The Sunday at Home, Volume 41


‘According to the lot, therefore, India fell unto Judas Thomas, which is also the twin: but he would not go, saying that by reason of weakness of the flesh he could not travel…the Saviour appeared unto him by night and saith to him: Fear not, Thomas, go thou unto India and preach the word there, for my grace is with thee.’ (Acts of Thomas 1).
St Thomas is often considered to be the first to have introduced Christianity to India. In our Easter Special Edition, however (March 2012), various experts and researchers presented compelling evidence to argue that Jesusas himself travelled to India having survived the crucifixion. Intriguingly, the Acts of Thomas also contain an account of Thomas and Jesusas apparently together in Taxilla, which today is part of Pakistan, in around 49AD. What is clear in any case is that Christianity has deep roots in the subcontinent stretching back to the earliest period of Christianity. Islam it appears was seemingly introduced to India through Arab tradesman who converted after the advent of the Holy Prophetsa. The Arab traders then introduced Islam in the subcontinent by propagating it to people wherever they travelled. Indications that Islam was introduced to the subcontinent in the earliest period of Islam can be traced to Kerala, where perhaps the first mosque was built in India in around 629AD. Thus, Islam and Christianity can be traced in India to the earliest possible periods and they have chalked out an extensive history in the subcontinent.
In the 19th century, India was the country with the highest Muslim population and Islam had established a strong foothold in all respects. However, despite the dominance of Islam at the time, Christian missionaries saw a golden opportunity for their preaching efforts. They realised that there was a significant flaw in the prevalent Muslim belief that Jesusas was still alive in the heavens and would return bodily as the Second Coming of the Messiah. Christian missionaries decided to use this doctrine against the Muslims by arguing that if Muhammadsa had met his demise, it proved that Jesusas was superior and immortal as he was still alive and enjoyed a position not shared by any other human in history. They turned their primary focus to the subcontinent, aiming to transform India into the centre of Christianity. Subsequently, during that era tens of thousands of Muslims converted to the Christian faith. The Muslim scholars of the subcontinent were helpless and unable to respond using their misconstrued interpretations of Qur’anic verses, which were easily rebutted by Christian preachers.
Against this backdrop of the Muslims facing a seemingly unstoppable onslaught by the Christians, a very prominent Christian missionary, Dr. Henry Martyn Clark, thoroughly aware of the dire state of the Muslim response, challenged the Muslims to come forth and defend their faith. A man named Mirza Ghulam Ahmadas, a learned Muslim scholar who had also claimed to be the Promised Messiah tasked with reviving Islam, accepted the challenge. A fascinating debate ensued in the city of Jandiala, which is the basis of our feature article in this Edition, ‘The Holy War, The Great Debate Between the Christians and Muslims in the Subcontinent.’ The outcome of the debate would have a far-reaching effect on the progress of Islam and Christianity in the region.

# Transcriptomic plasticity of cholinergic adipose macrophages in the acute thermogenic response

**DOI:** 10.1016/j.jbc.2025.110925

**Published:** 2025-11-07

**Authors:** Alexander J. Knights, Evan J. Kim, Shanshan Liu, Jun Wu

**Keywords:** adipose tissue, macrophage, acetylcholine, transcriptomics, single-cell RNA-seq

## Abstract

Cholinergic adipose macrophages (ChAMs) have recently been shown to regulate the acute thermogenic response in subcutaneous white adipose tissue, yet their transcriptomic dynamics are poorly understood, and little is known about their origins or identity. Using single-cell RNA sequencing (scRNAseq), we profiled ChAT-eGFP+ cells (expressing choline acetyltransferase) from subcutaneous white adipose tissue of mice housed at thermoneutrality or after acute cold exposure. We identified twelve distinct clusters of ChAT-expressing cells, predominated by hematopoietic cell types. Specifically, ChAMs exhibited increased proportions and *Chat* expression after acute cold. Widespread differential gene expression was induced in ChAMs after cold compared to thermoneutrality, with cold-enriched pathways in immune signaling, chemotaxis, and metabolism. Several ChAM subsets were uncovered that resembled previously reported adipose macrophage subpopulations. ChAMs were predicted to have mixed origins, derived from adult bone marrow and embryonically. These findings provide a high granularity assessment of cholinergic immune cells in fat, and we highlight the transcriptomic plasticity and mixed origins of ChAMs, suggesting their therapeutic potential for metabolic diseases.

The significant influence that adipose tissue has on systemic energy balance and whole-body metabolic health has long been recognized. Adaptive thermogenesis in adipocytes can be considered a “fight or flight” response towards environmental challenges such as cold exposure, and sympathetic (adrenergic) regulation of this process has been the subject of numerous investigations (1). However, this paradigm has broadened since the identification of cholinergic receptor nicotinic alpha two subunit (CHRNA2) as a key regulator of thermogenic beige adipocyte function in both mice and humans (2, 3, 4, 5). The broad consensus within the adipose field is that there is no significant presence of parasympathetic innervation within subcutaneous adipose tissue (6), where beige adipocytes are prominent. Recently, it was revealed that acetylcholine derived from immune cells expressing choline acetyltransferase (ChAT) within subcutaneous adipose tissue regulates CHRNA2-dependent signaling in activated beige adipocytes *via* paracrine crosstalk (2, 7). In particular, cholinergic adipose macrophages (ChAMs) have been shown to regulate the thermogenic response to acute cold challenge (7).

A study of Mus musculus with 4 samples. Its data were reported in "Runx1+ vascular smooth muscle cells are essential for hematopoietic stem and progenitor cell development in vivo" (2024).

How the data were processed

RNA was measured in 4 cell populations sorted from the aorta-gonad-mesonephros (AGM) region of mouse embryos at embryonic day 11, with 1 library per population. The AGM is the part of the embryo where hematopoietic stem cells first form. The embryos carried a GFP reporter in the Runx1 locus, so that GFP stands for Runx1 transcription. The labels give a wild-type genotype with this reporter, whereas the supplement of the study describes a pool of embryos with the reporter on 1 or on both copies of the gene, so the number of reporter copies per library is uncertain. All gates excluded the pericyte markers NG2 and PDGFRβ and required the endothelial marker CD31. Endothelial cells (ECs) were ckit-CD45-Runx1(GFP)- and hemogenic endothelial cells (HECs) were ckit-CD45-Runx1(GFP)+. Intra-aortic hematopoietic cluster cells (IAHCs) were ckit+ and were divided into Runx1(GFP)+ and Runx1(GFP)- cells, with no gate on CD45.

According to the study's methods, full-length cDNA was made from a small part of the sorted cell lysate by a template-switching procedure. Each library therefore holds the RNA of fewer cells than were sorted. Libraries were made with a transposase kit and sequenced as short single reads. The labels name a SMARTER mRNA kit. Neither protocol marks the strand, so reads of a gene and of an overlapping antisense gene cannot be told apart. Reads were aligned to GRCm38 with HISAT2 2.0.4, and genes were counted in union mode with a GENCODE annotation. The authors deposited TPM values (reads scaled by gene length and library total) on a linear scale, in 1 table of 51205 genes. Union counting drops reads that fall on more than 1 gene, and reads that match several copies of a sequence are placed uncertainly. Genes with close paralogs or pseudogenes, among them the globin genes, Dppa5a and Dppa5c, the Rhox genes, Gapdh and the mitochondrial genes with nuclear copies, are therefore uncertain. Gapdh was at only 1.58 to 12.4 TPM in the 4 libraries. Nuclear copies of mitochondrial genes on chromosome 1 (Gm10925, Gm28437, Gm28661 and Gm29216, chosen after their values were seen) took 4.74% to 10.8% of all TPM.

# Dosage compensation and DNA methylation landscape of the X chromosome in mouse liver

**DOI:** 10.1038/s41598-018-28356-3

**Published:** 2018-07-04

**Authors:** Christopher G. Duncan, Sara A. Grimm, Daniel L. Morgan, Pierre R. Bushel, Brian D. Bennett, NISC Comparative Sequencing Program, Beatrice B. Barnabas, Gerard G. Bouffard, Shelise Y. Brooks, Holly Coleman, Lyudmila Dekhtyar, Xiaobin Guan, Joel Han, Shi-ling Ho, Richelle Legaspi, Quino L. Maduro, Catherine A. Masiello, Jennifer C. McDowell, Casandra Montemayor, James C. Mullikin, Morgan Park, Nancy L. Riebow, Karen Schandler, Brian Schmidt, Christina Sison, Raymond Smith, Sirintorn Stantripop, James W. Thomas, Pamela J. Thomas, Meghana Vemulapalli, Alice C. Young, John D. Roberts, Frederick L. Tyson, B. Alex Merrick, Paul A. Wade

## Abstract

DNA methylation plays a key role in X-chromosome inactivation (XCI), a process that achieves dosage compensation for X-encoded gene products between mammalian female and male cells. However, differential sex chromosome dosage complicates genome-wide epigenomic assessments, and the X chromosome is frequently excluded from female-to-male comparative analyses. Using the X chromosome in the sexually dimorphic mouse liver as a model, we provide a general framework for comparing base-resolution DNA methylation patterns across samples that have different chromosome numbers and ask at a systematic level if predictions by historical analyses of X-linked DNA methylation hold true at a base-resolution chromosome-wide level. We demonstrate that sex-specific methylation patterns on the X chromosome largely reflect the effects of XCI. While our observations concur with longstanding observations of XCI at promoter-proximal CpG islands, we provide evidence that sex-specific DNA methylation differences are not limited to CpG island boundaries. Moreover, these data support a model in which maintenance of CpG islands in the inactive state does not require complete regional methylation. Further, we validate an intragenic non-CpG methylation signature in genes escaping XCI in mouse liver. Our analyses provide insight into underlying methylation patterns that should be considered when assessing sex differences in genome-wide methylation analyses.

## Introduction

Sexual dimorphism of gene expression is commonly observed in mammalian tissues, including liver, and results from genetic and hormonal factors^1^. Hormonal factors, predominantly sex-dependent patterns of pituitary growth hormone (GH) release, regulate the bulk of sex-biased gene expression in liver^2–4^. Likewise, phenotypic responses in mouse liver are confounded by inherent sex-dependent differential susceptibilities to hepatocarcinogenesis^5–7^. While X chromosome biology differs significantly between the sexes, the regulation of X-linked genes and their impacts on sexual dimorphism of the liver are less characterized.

Amer Safir
Review of Religons April 2013

Page 204 - Think not that I am come to send peace on earth: I came not to send peace but a sword. For I am come to set a man at variance against his father, and the daughter against her mother, and the daughterin-law against her mother-in-law. And a man's foes shall be they of his own household.
Page 392 - Listen! You hear the grating roar Of pebbles which the waves draw back, and fling, At their return, up the high strand, Begin, and cease, and then again begin, With tremulous cadence slow, and bring The eternal note of sadness in.
Page 386 - WE do not presume to come to this thy Table, O merciful Lord, trusting in our own righteousness, but in thy manifold and great mercies. We are not worthy so much as to gather up the crumbs under thy table. But thou art the same Lord, whose property is always to have mercy...
Page 197 - My panting side was charged when I withdrew To seek a tranquil death in distant shades.^ There was I found by one who had himself Been hurt by the archers.
Page 197 - He loved them both, but both in vain, Nor him beheld, nor her again. Not long beneath the whelming brine, Expert to swim, he lay ; Nor soon he felt his strength decline, Or courage die away : But waged with death a lasting strife, Supported by despair of life.
Page 197 - Adieu!" At length, his transient respite past, His comrades, who before Had heard his voice in every blast, Could catch the sound no more: For then, by toil subdued, he drank The stifling wave, and then he sank. No poet wept him: but the page Of narrative sincere...
Page 361 - Sing unto God, sing praises to his name: extol him that rideth upon the heavens by his name JAH, and rejoice before him.
Page 464 - The Lord maketh poor, and maketh rich: He bringeth low, and lifteth up. He raiseth up the poor out of the dust, And lifteth up the beggar from the dunghill, To set them among princes, And to make them inherit the throne of glory: For the pillars of the earth are the Lord's, And he hath set the world upon them.
Page 87 - Though private prayer be a brave design, Yet public hath more promises, more love : And love's a weight to hearts, to eyes a sign. We all are but cold suitors ; let us move Where it is warmest. Leave thy six and seven ; Pray with the most : for where most pray, is heaven.